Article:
Hundreds of workers at a Hong Kong container port operated by tycoon Li Ka-shing voted Monday to end a 40-day strike, one of the city's longest-ever, after their employers offered a 9.8 percent pay rise.
The stoppage had disrupted traffic at Hong Kong's container port, the world's third busiest. Protests spread to the Central financial district, where workers staged demonstrations outside the headquarters of Li's Cheung Kong group.
The strikers, who at the height of the stoppage numbered 450, had been demanding a 20 percent pay rise.
Li's Hongkong International Terminals (HIT) had tried to distance itself from the dispute by repeatedly saying the protesters were workers hired through contractors.
The contractors agreed Friday to make a final offer of 9.8 percent to all workers, effective from the first day of this month.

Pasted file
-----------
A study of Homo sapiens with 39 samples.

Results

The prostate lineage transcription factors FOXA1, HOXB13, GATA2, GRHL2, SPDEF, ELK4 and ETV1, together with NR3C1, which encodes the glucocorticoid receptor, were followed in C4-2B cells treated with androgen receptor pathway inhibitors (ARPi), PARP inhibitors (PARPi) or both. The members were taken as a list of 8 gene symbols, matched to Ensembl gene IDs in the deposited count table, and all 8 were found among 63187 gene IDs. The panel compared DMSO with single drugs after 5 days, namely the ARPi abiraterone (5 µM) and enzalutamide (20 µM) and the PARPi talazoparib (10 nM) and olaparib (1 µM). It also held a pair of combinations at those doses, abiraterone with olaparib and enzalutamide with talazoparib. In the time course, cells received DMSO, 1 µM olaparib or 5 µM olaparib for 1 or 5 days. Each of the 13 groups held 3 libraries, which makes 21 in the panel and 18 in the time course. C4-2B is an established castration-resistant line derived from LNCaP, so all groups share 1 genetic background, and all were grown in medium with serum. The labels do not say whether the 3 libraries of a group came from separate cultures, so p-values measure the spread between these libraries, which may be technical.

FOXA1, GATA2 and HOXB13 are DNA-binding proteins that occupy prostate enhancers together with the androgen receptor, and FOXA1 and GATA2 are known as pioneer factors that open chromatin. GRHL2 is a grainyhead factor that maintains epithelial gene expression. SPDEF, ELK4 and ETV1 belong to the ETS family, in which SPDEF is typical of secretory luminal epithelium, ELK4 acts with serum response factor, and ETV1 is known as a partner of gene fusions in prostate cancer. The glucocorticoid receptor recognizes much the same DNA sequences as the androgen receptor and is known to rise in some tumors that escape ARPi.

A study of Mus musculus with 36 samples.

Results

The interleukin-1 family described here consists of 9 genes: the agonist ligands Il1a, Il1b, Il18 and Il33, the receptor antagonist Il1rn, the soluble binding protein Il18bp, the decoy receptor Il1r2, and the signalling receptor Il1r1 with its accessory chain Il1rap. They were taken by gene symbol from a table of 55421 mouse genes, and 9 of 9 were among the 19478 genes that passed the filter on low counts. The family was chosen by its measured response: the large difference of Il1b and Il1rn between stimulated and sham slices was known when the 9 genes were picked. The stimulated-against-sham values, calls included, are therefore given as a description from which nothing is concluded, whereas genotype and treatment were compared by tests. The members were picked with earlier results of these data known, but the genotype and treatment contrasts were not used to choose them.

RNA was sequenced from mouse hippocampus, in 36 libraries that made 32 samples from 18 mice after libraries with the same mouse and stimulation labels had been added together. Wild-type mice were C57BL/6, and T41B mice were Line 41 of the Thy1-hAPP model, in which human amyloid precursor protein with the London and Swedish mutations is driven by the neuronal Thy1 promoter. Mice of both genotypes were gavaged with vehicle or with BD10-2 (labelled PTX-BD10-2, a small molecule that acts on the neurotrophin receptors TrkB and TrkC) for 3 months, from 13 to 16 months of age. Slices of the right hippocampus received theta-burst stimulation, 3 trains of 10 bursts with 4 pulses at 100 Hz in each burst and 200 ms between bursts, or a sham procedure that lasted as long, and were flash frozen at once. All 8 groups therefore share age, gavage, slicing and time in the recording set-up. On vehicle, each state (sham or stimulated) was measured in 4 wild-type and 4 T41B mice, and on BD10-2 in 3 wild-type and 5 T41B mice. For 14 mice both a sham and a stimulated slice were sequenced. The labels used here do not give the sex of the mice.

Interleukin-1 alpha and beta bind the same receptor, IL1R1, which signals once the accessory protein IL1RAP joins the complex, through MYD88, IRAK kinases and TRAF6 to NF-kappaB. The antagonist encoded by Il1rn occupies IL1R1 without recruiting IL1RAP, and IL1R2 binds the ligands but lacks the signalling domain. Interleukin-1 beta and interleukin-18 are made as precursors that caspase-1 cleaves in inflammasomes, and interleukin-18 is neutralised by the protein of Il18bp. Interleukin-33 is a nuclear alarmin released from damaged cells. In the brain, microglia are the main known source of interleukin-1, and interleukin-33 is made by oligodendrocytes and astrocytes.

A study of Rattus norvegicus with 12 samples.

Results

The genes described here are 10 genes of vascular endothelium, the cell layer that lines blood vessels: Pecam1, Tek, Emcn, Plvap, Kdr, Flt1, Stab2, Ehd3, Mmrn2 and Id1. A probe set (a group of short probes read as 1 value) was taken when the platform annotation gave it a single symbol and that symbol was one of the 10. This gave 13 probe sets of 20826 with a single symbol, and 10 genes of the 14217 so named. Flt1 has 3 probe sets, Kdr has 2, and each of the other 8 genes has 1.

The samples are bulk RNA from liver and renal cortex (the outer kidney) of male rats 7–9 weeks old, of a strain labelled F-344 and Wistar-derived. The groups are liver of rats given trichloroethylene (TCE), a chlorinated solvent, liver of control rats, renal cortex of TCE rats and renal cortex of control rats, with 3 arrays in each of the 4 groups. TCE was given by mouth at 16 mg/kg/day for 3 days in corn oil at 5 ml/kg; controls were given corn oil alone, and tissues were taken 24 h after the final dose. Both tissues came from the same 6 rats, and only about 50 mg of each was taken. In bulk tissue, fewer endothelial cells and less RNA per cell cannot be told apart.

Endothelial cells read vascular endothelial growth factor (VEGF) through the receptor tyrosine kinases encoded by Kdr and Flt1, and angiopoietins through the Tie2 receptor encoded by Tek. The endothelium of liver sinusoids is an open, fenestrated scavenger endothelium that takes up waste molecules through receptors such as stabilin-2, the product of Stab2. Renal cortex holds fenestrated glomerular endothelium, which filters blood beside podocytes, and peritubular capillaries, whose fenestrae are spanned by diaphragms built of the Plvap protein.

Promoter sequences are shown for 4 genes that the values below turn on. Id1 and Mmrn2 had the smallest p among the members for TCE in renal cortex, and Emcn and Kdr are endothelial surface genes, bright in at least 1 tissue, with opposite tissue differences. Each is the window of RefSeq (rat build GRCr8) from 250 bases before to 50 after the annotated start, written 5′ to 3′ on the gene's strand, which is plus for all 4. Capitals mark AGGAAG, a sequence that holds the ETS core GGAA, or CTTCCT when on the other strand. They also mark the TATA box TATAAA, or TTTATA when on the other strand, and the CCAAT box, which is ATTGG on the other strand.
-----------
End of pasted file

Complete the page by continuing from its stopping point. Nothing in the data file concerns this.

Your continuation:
"We say we've won half the battle. At least they offered all of the dock workers, not only the ones on strike but also the ones that are still working, a 9.8 percent raise in front of all Hong Kong people," said Union of Hong Kong Dock Workers general secretary Stanley Ho.
But not all workers were happy, according to Hong Kong Confederation of Trade Unions organising coordinator Chan Chiu-wai.
"To be honest, not all people are satisfied with this offer, because honestly, it is quite a bit off when compared with our initial goal," Chan told AFP.
"Everybody understands that... after the strike has gone on for so many days, if we continue to go on, we may not get any better offers," Chan said.
HIT, which operates 12 berths, is a unit of Li's Hutchison Port Holdings Trust, part of the business empire of Asia's richest man.
Li's firms control about 70 percent of the city's port traffic as well as many other businesses in the city.